Last week, the Alligator didn't publish on Monday, but I wrote a column anyway.
Opinion | Columns
I spent this past weekend in Las Vegas with my mom and a friend celebrating my 21st birthday. My social status as a young female has never proved so beneficial. I skipped hour-long lines, scooted my way into VIP areas and received free lap dances from Australian male strippers (no, seriously).
"Taxes are the price we pay for civilization." That's what my macroeconomics professor would always say. As profound as it is obvious, this maxim relates a timeless, commonsense principle. But I must admit, it's a principle that I hadn't really thought about in great detail until hearing it in class.
Having a rough day? Well, look on the bright side: At least you didn't find out that your new wife or husband is your twin, thus making your romance about as incestuous as is incestuously possible. Say that three times fast. I know that's ridiculous, but it also happens to be horrifyingly based on fact.
Do you ever reach a point in life you when you just know things have changed? Like one day, all of a sudden, you realize you're an adult? It's not like you start misplacing your keys or using phrases like "cool beans." It's this creepy onset of maturity that just smacks you in the soul. Age has overcome me. But I should be ready by now. I've been given almost 21 years to prepare.
As we venture into 2008, the déjà vu is becoming a bit ridiculous. Or perhaps what is really ridiculous is the reality that many citizens seem blissfully oblivious or inexplicably unconcerned about how the events of recent memory have paralleled almost perfectly with some from the past.
If you still have not received your copy of the latest issue of "Alcoholism: Clinical and Experimental Research" in the mail, allow me to give you an exciting sneak peek at what academics are doing to stem the advancing tide of beer in the United States. Get ready.
On Monday morning, June 4, 1990, Dr. Jack Kevorkian waited alone in his rusted Volkswagen van, parked at a remote campsite an hour outside Detroit. In the back, he'd rigged a makeshift bed next to a contraption that looked like a junior high shop project gone bad - three bottles dangling from hooks screwed into a piece of wood. Around 10 a.m., Kevorkian's two sisters arrived at the campsite with a 54-year-old woman from Portland, Ore., named Janet Adkins. Adkins, in the early stages of Alzheimer's disease, had flown to Detroit the day before for her "appointment."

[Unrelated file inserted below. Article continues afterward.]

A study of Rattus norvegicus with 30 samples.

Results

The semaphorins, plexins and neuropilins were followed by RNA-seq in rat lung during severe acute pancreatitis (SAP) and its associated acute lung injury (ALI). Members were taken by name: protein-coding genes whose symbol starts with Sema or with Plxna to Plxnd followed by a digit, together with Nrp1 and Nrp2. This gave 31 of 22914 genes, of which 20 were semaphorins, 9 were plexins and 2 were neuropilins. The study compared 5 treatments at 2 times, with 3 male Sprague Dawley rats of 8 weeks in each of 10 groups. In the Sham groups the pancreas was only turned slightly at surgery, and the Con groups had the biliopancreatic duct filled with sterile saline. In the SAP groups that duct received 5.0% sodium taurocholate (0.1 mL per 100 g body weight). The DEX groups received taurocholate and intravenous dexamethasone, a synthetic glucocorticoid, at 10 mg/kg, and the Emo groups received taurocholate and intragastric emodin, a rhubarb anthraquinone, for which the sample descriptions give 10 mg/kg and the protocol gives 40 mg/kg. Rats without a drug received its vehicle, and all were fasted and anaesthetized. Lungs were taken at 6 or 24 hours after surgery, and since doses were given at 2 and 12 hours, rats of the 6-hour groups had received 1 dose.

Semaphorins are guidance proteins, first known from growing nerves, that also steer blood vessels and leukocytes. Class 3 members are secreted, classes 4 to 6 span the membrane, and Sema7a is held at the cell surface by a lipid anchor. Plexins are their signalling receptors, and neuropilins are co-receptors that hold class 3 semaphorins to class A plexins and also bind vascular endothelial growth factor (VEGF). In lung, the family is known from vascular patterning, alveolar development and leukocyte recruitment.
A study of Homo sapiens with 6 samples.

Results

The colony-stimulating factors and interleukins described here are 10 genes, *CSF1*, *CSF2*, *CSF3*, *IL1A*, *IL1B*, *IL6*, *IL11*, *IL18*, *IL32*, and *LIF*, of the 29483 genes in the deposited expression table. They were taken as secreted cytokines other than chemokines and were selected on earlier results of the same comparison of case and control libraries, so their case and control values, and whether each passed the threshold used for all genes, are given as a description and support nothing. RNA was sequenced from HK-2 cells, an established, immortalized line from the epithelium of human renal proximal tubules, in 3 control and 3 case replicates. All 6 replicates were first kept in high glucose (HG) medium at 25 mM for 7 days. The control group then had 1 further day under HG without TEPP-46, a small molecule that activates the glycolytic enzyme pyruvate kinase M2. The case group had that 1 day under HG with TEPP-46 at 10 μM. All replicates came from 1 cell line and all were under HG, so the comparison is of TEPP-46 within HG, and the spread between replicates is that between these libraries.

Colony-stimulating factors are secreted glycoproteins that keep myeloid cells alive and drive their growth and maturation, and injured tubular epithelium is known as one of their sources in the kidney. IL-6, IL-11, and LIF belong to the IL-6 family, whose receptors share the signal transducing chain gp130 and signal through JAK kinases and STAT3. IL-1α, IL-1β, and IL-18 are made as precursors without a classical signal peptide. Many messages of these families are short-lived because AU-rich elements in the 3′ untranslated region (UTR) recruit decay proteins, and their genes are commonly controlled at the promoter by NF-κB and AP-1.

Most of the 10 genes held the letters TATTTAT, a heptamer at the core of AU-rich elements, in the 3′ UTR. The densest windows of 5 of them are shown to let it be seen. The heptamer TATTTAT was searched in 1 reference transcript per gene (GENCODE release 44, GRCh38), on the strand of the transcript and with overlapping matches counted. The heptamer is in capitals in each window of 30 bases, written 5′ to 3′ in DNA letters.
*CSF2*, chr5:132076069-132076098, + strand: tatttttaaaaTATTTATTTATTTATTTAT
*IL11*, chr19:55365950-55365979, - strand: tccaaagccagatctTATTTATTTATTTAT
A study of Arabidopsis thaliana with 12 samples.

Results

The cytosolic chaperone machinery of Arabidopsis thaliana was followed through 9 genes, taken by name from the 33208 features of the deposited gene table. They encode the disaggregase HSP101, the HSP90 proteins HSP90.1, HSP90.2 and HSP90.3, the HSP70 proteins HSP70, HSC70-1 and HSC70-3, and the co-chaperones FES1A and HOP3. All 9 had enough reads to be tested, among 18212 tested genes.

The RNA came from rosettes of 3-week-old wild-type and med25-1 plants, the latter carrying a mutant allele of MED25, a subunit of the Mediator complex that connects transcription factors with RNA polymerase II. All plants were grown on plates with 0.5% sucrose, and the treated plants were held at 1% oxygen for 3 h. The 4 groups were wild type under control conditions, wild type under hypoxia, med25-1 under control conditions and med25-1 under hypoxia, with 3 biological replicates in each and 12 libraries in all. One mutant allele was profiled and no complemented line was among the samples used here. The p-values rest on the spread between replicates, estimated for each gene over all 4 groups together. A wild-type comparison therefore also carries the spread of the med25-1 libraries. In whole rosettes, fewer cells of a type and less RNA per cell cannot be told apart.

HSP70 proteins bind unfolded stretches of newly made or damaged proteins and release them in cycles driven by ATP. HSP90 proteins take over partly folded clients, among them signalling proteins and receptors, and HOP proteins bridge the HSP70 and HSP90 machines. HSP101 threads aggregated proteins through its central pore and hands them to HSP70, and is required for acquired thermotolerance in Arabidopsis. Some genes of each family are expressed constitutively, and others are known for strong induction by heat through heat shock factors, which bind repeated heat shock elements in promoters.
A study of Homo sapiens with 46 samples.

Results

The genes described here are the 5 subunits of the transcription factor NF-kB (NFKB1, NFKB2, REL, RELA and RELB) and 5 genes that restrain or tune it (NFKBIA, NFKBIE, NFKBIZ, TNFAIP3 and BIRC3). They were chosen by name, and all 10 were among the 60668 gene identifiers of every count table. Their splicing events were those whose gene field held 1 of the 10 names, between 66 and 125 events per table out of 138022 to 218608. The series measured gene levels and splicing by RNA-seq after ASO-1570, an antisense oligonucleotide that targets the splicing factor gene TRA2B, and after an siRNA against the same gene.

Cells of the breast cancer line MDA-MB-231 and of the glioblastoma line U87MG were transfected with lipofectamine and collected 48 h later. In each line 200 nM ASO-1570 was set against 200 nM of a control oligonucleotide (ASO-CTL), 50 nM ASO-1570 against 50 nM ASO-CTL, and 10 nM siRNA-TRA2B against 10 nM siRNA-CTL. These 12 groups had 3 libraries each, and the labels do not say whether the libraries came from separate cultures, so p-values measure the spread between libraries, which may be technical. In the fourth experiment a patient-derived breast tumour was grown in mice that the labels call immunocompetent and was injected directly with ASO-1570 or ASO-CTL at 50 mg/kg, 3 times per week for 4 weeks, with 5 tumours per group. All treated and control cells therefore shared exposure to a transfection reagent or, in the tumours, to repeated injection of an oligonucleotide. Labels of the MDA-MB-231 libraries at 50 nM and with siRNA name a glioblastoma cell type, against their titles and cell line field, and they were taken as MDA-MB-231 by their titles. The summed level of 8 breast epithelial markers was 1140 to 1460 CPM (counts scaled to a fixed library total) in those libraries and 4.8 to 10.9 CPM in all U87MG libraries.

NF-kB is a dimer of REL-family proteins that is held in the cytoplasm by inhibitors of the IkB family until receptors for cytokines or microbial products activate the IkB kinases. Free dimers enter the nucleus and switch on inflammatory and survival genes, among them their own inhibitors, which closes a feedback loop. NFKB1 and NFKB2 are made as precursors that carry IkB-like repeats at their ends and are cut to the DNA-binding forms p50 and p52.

A study from a Canadian university earlier this month estimated the U.S. pharmaceutical industry spends almost twice as much on promotions as it does on research and development, contrary to the industry's claim.
You can always tell when a semester really kicks into gear. Yes, it's that time again - the biannual underage drinking crackdown.
While high-school seniors all over the country are struggling to achieve nothing less than a 4.0 to get into their top-choice university, the star quarterback of their graduating class is receiving a full ride to wherever his heart desires. Admissions officers don't even glance at his grade point average.
At last, another one of the Bush administration's foreign policy blunders has been placed under scrutiny: the protection of Pakistani President Pervez Musharraf at all costs. I'm willing to bet that most Americans hadn't even heard Benazir Bhutto's name until she was assassinated, let alone had known that she was Pakistan's prime minister under a power-sharing agreement with Musharraf that the Bush administration orchestrated.